Sarah R. Siskind
I’d thought about military service for years, so applying always felt like a legitimate option. But after running the marathon last year and watching the first responders, I was struck with an urge—not an urge to do something per se, but to be somebody else.
Exactly one year ago, I ran the Boston Marathon. Today, I took my oath to become an intelligence officer in the United States Navy.
In its haste to lambast Goldman Sachs once again, the New York Times completely overlooked the company’s generosity and commitment to the noble goal of encouraging women in computer science.
Of course Mayor Gloomberg is trying to repair his image after the local courts struck down his beloved ban on large soda.
Perhaps tomorrow or in a few days we will see the face or faces of those behind these attacks. They will flood our minds with hate and disgust. But let us not forget that it was also a day of triumph.
In her old age, Lady Thatcher lost her life’s two greatest loves: her husband, Dennis, of 52 years, and her indefatigable capacity for reason. Then, on the morning of April 8, 2013, the world lost one of the greatest champions of freedom. And we are the worse off without her. However, the Iron Lady never belonged to us. She belongs now to the pages of history.
Spotting a gay conservative is like seeing a unicorn; you’re breathless as you scrounge in your bag for a camera to capture this majestic site. But before you know it, they’ve galloped away.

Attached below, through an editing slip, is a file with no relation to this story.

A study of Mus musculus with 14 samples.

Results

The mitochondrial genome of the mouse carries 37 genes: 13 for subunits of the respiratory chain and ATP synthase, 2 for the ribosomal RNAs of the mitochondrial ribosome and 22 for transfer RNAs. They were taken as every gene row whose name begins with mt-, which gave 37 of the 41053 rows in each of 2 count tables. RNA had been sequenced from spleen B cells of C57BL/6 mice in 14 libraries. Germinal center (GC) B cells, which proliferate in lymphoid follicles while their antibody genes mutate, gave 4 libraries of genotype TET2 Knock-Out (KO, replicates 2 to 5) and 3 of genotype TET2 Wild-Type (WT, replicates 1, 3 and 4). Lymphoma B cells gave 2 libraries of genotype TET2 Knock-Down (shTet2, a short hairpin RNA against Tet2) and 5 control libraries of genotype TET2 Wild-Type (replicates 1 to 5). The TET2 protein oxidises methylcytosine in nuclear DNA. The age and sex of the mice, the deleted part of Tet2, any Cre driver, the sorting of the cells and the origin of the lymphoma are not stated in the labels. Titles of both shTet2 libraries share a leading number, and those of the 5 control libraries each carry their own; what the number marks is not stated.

This article is meant to be a general tribute to Clarence Thomas, my favorite Supreme Court Justice.
Back when MIT’s political science department included sociology, one mathematician noticed this very same trend. So I’ll leave you with the lyrics of Thomas A. Lehrer, Harvard grad, part-time mathematician, part-time musician, and full-time genius:
It is important to note, the admission of women to the frontline comes a little late. The term “front line” is somewhat past its prime, and women have already been fighting on it for many years.
Think of the blows that would be made to the movie, music, and fashion industries if all cheating men had to quit their day jobs.
The libertarian in me gags at the thought of infringing a private institution’s selection criteria, but the aspiring lawyer in me points to the Fourteenth Amendment, which prohibits race-based discrimination.
If you were unaware that Harvard is legally exempt from eminent domain, you are not alone. Few know about Harvard’s special status in the Massachusetts Constitution, and fewer remember the times when Harvard has invoked it.